Looking across the fields to St Nicholas Church, Chawton. Once Jane walked across these fields.
The women characters Jane liked best take long walks in the country.
Jane identified with Elizabeth and her hike across muddy fields in Pride and Prejudice. When Jane was a girl she loved rolling down grassy hills with her father's male students.
Perhaps in her own quiet way she was a rebel?
Jane Austen portrayed by Anne Hathaway in Becoming Jane (2007).
Jane Austen understood why happy marriages worked. Before the usual conclusion of her novels - a wedding - Jane has shown us enough married couples along the way - the Bennets, the Collinses, Admiral and Mrs Croft, the elder Musgroves, the Gardiners - to give us a fair idea of the characters who create enduring happiness, and those who don't. That's interesting to anybody who cares about human relationships, even people with no intention of marrying.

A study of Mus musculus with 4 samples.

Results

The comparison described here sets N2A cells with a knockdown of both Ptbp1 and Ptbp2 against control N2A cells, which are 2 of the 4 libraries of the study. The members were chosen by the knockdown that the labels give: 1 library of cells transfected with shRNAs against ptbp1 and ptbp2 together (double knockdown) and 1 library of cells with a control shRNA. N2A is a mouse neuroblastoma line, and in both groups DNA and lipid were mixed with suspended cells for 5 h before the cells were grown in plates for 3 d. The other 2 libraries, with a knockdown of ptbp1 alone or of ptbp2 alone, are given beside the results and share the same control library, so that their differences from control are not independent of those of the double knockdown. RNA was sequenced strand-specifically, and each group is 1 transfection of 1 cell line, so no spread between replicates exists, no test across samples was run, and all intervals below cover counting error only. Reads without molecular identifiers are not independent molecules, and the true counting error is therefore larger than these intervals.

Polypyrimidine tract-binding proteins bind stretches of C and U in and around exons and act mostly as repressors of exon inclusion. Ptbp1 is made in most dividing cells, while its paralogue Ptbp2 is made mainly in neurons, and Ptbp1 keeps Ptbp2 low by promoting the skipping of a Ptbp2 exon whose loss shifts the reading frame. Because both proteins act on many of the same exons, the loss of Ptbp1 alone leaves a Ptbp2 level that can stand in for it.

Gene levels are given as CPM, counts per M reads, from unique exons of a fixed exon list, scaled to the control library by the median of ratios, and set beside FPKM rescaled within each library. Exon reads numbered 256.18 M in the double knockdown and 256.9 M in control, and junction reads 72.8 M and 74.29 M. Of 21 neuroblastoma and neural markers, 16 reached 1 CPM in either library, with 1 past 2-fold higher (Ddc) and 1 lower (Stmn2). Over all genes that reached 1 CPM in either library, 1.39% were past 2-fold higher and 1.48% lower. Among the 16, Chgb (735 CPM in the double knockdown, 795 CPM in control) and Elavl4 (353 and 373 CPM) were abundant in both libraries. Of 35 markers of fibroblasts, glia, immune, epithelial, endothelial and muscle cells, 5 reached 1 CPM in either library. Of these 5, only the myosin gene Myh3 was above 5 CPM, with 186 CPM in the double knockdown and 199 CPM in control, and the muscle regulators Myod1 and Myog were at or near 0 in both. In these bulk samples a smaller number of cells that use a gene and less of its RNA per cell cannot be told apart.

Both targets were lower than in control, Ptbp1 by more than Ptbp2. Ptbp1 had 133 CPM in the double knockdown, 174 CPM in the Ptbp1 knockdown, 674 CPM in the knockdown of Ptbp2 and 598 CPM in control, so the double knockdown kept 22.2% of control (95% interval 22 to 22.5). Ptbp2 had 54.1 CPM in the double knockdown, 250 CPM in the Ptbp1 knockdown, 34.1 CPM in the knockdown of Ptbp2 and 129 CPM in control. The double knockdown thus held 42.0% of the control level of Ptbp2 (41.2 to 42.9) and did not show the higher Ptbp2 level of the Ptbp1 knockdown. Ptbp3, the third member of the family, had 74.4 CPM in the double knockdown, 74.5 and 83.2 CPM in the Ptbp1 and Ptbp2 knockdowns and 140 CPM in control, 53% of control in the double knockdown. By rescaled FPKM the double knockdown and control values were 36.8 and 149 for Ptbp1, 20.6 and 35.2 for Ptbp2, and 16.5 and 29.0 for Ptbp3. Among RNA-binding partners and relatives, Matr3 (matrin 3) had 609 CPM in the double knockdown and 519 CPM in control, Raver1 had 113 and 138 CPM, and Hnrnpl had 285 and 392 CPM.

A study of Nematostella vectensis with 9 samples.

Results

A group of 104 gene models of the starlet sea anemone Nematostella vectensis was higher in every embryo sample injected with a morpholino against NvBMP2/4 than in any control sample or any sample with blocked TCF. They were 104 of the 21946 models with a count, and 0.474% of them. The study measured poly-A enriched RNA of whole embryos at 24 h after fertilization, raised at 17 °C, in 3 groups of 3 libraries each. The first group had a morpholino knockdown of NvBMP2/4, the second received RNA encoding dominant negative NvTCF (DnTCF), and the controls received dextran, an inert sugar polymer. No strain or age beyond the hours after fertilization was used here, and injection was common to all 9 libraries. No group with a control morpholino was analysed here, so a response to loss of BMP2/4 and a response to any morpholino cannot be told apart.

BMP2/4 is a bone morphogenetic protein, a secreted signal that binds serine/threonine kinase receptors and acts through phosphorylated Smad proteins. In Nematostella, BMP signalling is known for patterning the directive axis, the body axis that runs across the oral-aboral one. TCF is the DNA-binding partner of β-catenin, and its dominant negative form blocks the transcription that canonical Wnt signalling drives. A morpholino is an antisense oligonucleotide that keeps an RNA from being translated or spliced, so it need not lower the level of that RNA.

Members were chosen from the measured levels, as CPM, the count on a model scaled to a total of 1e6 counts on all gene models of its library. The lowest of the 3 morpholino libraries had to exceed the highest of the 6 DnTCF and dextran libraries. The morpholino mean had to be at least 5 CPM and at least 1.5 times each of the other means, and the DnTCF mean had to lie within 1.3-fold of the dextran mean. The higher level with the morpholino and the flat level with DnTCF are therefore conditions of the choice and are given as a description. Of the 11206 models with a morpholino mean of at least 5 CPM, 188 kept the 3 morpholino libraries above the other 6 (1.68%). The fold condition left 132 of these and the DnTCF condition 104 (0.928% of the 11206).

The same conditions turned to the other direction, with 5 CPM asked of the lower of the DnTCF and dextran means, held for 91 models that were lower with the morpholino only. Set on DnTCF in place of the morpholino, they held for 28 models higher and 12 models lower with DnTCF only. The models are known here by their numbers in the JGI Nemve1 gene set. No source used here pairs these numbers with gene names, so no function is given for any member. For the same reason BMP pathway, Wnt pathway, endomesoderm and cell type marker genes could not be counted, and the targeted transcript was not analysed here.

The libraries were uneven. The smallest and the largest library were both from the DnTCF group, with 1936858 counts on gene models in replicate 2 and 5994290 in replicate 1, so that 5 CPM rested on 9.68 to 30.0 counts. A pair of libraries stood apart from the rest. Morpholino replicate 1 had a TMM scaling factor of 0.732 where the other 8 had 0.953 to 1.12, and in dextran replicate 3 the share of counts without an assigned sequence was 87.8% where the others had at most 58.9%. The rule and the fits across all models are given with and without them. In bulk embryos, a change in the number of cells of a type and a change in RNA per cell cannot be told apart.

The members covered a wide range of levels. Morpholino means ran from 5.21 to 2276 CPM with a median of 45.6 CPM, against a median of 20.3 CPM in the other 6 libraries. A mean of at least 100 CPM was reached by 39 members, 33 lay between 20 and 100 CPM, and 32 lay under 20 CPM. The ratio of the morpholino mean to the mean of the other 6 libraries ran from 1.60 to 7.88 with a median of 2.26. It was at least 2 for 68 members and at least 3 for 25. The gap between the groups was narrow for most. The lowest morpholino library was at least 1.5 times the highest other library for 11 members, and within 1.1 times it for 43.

Kindness, broad-mindedness, respect for your spouse and personal self-mastery, shared core values, adventurousness, fortitude and humour - Jane suggests these are some of the keys to married happiness.
Jane received support and encouragement from her brothers, who helped her to get published. She may hold the record for books turned into movie scripts.
Image: Chawton House, Hampshire, home to Chawton House Library's collection of literature and its fellowship programme. The Elizabethan manor house once belonged to Jane Austen's brother, Edward Austen Knight.
Today Chawton House Library houses a collection of books and manuscripts by women writing from 1600 to 1830.
Raise a glass to Jane Austen.
We usually edit this post every December 16th.